The ‘concerning’ gap in Australian teenagers’ basic knowledge
Australian teenagers have a “concerning” gap in their basic knowledge, a nation-wide test has revealed.
The Civics and Citizenship Assessment, run by the Australian Curriculum Assessment and Reporting Authority every three years, reveals most teenagers lack the basic knowledge about politics, democracy, and Australia’s government and legal system.
The latest survey results found just 38 per cent of Year 10 students are deemed proficient in political and legal affairs.
David de Carvalho, CEO of the Australian Curriculum Assessment and Reporting Authority, says it’s a problem.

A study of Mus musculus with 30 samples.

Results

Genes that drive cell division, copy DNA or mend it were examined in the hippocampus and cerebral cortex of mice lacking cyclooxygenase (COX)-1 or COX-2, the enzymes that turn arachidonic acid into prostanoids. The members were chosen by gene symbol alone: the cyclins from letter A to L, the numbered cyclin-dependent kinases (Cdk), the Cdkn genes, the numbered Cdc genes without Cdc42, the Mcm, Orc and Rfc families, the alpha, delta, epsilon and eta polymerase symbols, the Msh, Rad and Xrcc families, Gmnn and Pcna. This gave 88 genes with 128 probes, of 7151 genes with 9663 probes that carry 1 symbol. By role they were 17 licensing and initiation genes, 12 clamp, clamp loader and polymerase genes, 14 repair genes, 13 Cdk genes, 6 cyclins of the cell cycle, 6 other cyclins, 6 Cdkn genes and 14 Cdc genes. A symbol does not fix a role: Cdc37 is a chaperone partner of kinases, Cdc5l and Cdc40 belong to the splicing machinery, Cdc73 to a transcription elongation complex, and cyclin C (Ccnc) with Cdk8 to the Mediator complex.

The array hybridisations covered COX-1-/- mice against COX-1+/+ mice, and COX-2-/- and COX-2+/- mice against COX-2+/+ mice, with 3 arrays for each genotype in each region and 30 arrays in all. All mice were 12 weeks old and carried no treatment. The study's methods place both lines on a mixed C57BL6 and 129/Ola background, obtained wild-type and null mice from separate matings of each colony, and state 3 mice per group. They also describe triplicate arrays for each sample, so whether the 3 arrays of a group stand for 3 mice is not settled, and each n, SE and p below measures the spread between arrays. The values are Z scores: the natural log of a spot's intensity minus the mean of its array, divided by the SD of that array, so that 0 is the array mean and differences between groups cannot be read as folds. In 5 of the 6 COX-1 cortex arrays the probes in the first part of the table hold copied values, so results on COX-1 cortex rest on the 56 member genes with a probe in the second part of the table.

“That’s quite concerning, particularly for Year 10 students who, in a couple of years, are going to be going and voting in elections,” he told Ross and Russel.
“The level of knowledge about the political process and how our courts work, and how the different levels of government take responsibility for different aspects of our government, that knowledge is on the decline.
“They are not going to the mainstream media as much, or showing as much interest in those wider issues than previous cohorts of students.”
But Mr de Carvalho says the results aren’t all bad.
“On the upside, however, there is indication that a number of students are getting more involved in their community through charity fundraising,” he said.
“The Year 6 students if we look at their results, over half of those students have a good knowledge of how the system works, appropriate for their age level.”